During these times of great uncertainty and radical change, people everywhere are struggling. The shifting landscape demands that we remain centered and balanced, all the while embracing what we need to change within ourselves. When faced with great challenges, we must stretch ourselves beyond previous boundaries and self-doubt. This is precisely when the potential for inner growth is greatest. While the inclination is to hold tight and fast to the past, we no longer have that option and are forced to dig deep within ourselves and live ever more consciously.
While it’s impossible to change others, looking within for the opportunities to affect change will empower ourselves and others to do the same. Left to our own devices, it’s far easier to rest on our past success and dream of the future. However comforting that may sound, this is not the reality we face. Complacency is not an option for any of us. And for those that have reached the age of maturity, it’s also impossible to pretend that the answers lie with the behavior of others. Each one of us must navigate the twisted corridors of our culture by relying on our well-honed instincts. Muster all of your courage and put your best foot forward for the good of all you hold dear.
“It’s called The American Dream because you have to be asleep to believe it.” Comedian George Carlin
The beloved Buddhist teacher Pema Chodron reminds us that this dynamic process called ‘the life we lead’ is never predictable or stable. She asks:
“How can we relax and have a genuine, passionate relationship with the fundamental uncertainty, the groundlessness of being human?”
Pema often talks about shifting sands, the unpredictability of stability, and the uncertainty of what is to come. And that it is our resistance to it all, even though change is the only constant. Lean in dear friends. Embrace and expect that just when you think you’ve got everything under control, one block shifts and the castle is on the ground once again. The expectation that we’re in control is the cause of our suffering. We are very attached to wanting life a certain way. The more we resist, the more we struggle. Before we know it, we’re stuck.
But if we were to look at these moments as opportunities to grow and change, perhaps we can begin to relax a bit with all of this uncertainty. At first, maybe it’s just a ‘noticing’ how often we are comfortably leading our life and oops…didn’t see that one coming. Or we’re enjoying an afternoon in the hammock and oops….. really? The neighbor must use her noisy blower again? Take these opportunities to catch yourself creating your suffering by resisting reality. Soon you will move to the next step beyond awareness and begin the letting go of annoyance. The practice of opening your mind and heart to these experiences is without judgement will begin to set you free.
Another great teacher, Thanissaro Bhikkhu, offers the following about safety:
- To find some safety in the world, you first have to give safety to the entire world. If you’re determined to observe the precepts (moral guidelines) in all situations, you’re giving a gift of safety to everyone, in that all beings, universally, will be protected from any harm you might do. In return, you get a share in the universal safety coming from your present actions. If, however, you follow the precepts only in some cases and not in others—if, for instance, you can rationalize lying … in certain situations, for whatever the end—it’s like building a fence around your property but leaving a huge gap in the back. Anyone, with any motive, can walk right in through the gap.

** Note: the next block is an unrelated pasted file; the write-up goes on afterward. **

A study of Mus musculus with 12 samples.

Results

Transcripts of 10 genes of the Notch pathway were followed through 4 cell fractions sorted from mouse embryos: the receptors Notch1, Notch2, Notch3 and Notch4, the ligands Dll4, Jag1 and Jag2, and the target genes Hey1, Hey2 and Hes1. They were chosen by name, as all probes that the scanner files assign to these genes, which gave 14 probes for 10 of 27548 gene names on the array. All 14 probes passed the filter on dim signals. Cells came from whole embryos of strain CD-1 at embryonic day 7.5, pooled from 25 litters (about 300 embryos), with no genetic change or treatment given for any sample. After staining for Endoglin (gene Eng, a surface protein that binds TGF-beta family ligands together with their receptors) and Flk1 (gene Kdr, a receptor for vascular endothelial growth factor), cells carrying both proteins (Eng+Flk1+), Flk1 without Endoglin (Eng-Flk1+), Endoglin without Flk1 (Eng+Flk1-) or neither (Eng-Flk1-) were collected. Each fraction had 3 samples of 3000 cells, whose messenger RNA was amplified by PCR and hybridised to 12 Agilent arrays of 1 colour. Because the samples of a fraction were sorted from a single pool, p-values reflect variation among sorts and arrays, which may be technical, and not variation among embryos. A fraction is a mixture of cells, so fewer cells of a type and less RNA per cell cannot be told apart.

- You can protect yourself from the results of your past unskillful actions by training the mind. The fact that we’re born in the human realm means that we all have some past bad karma, so simply avoiding unskillful karma in the present isn’t enough to protect you from suffering. Fortunately, though, while we can’t go back to change our past actions, we can weaken the effect of any past bad actions by training the mind.
- The primary danger from other people lies not so much in what they do to you but in what they can get you to do. Their karma is their karma; your karma is yours. Even when you’re mistreated by others, their karma doesn’t become your karma—unless you start mistreating them in return.
In Gandhi’s words “Be the change that you wish to see in the world”. If I want the world to be different, I have to participate. Stop hating my neighbor for using fossil fuels to micro-manage the leaves in the neighborhood. Stop shutting down every time overbearing opinions displease me. Stop it already!! Hating on the bitch in the car next to me isn’t the path to a more peaceful world. Spewing garbage at those professing ignorant ideas I’m certain will bring us to ruin is divisive and there is never a good time to draw lines in the sand and cut off communication. Nor is it a good time to go back into your room and close the door and hope the world improves while you nap. Hope will only contribute to suffering. There is only action now.
Shore up your support groups and gather your friends and family. Do whatever you’re good at – cook for the hungry, call your elected officials, donate socks to the homeless, publish articles, comfort the dying, rock cranky newborns at local hospitals, write letters to those in power, volunteer. Inaction breeds fear and panic. This is a time when we need boots on the ground and voices that won’t be silenced. There is strength in numbers and there is peace in knowing you are doing all you can to affect positive change in the world. Go forward and prosper, Vulcan or not.